Burke and Wills
Robert O'Hara Burke and William John Wills share the honour of being the first Australian explorers to cross the continent from south to north - though they paid the ultimate price for their triumph. Their expedition was one of the largest, best equipped and most elaborate in 19th century Australia. However, both men failed to return to Melbourne, perishing from exhaustion and starvation at Cooper's Creek in North Queensland.
The Burke and Wills expedition: crossing the continent
By the 1850s, the focus of exploration had shifted to Central Australia and in particular to crossing the continent from south to north.
The race was on between Victoria and South Australia to see which state could be the first to scout a location for a telegraph station on the north coast and find a course for the telegraph line to connect with the southern cities.
In 1860, a South Australian, John McDouall Stuart, became the first European to gaze upon the 'red centre'. However, a combination of scurvy, lack of water and hostile Aborigines forced him to turn back before he could reach the north coast.
In the same year Robert O'Hara Burke and William John Wills set out from Melbourne to travel to the Gulf of Carpentaria, Qld, via the Darling River and Cooper's Creek. Funded entirely by the newly independent colony of Victoria, partly by subscription, there was much public interest in their expedition.
The party consisted of 15 men and they were provided with camels, horses, wagons and enough food for two years. They left Melbourne on 20 August, 1860. After a slow passage they reached Menindee, NSW, on the Darling River at the beginning of October. Here, in a controversial move, Burke left most of his men and equipment and set out with six men and 15 camels for Cooper's Creek, Qld.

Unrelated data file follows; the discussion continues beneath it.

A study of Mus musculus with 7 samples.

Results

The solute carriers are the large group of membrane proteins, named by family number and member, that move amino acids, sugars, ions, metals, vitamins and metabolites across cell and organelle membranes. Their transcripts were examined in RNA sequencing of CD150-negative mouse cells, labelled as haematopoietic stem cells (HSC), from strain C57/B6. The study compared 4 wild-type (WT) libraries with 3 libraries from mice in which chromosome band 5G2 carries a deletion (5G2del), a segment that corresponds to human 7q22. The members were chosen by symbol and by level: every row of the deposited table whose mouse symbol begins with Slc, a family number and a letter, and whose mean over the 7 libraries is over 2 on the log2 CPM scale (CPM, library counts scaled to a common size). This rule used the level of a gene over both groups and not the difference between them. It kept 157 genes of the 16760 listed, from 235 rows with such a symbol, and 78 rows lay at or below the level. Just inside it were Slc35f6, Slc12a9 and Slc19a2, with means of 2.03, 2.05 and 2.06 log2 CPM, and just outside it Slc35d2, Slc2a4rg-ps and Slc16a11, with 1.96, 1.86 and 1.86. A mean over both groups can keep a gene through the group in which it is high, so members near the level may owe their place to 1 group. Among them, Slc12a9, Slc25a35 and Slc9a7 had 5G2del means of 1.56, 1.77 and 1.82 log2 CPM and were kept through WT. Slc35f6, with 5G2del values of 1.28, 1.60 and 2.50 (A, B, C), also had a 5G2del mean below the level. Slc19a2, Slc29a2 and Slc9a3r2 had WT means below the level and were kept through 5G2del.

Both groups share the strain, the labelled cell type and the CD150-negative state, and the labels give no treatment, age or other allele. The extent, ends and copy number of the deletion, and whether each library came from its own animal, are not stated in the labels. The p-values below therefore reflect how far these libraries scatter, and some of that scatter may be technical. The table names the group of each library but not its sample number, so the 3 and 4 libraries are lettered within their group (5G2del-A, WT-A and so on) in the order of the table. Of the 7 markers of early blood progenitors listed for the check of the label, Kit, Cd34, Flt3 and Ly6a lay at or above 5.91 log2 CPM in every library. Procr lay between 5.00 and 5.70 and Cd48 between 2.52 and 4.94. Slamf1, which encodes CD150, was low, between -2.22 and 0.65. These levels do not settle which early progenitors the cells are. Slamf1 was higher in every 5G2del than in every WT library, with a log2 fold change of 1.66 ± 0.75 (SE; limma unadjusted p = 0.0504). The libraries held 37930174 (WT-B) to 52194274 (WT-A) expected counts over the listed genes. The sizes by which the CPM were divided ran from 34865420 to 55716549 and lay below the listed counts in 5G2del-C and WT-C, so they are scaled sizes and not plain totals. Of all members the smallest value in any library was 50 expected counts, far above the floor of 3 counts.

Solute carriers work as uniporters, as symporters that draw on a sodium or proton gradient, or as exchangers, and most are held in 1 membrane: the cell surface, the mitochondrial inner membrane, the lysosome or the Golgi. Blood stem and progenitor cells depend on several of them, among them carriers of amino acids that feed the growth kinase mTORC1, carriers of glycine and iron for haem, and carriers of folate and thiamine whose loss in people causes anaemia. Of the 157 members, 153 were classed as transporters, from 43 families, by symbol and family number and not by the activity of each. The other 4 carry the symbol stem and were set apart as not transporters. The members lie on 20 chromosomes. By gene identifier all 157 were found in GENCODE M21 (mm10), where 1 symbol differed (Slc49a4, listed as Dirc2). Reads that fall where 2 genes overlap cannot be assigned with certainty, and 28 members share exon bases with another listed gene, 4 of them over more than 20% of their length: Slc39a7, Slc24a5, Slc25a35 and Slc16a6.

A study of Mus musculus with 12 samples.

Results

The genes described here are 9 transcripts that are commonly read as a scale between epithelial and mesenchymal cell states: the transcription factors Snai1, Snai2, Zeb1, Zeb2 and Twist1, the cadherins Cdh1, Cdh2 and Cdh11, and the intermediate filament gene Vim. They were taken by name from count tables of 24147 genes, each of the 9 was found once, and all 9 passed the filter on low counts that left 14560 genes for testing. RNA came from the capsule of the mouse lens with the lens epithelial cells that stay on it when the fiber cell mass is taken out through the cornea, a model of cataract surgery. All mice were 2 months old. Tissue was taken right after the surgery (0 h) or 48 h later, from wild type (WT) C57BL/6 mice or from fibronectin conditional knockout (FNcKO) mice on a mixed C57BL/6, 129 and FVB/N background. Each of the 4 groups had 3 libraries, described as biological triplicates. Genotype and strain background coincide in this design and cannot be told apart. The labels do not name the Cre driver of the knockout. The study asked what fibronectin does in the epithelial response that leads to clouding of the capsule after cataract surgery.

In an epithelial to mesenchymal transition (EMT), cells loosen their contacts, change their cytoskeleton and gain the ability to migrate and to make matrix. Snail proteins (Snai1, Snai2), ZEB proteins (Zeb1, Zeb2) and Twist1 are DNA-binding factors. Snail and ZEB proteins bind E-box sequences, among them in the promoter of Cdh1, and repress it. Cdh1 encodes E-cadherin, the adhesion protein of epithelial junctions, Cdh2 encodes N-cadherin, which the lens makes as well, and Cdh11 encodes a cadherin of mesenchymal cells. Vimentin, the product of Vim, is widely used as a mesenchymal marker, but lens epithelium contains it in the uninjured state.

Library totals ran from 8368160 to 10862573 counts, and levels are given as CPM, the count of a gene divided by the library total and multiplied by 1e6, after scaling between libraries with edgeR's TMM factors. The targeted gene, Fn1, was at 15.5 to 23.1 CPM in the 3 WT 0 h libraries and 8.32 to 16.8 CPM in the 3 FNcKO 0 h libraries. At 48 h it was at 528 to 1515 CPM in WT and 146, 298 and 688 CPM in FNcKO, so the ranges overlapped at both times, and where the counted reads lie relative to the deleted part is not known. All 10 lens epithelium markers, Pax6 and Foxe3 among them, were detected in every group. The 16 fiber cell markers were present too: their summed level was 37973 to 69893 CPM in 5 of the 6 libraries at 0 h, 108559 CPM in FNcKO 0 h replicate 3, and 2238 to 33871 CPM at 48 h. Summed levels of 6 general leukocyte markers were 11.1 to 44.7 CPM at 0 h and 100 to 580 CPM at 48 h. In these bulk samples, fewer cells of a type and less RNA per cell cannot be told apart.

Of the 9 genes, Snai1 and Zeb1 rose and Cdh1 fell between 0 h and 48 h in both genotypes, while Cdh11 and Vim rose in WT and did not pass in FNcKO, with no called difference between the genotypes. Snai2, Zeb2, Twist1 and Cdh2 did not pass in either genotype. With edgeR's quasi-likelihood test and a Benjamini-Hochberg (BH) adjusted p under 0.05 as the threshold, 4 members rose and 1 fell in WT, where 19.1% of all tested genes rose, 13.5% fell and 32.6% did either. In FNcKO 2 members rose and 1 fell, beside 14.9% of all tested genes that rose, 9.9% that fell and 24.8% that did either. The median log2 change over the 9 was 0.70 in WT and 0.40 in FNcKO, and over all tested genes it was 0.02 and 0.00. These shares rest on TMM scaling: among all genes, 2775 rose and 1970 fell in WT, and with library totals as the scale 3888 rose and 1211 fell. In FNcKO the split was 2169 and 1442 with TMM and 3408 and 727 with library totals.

At the Cooper's Creek depot, stores were left under the charge of William Brahe. Burke plunged on with three men, Wills, John King and Charles Gray in a dash for the Gulf of Carpentaria. They reached the Gulf, half starving, in February, 1861. During the return journey Gray died. When the three remaining men staggered into the depot at Cooper's Creek they found it deserted - the ashes of the campfires still warm. Brahe's party had left only seven hours earlier with most of the food.
Instead of following them, Burke decided to make for the police station at Mount Hopeless, 150 miles away. Before leaving he buried a letter explaining his decision. The three men were too weak to make much progress and they stayed close to Cooper's Creek hoping to be rescued. Wills died first followed by Burke two days later. King managed to survive with the help of the local Aboriginal people and was eventually found by a rescue party led by A.W. Howitt.
A Royal Commission was held to enquire into the deaths of Burke and Wills. It found that Burke had made a number of wrong decisions. Burke's journey had little value in terms of exploration as he failed to keep a detailed journal and made no scientific observations. His route through tropical Queensland was only practical in the exceptionally dry season he had experienced.
The artist William Strutt (1825-1915) took a keen interest in the Victorian Exploring Expedition. He watched the preparations and departure of the explorers and even followed them to their first camp at Essendon, where he had some photographs taken. These are the only known photographs of the expedition. Strutt's Burke and Wills albums also contain his own detailed drawings and notes which he used as source material for his later artworks.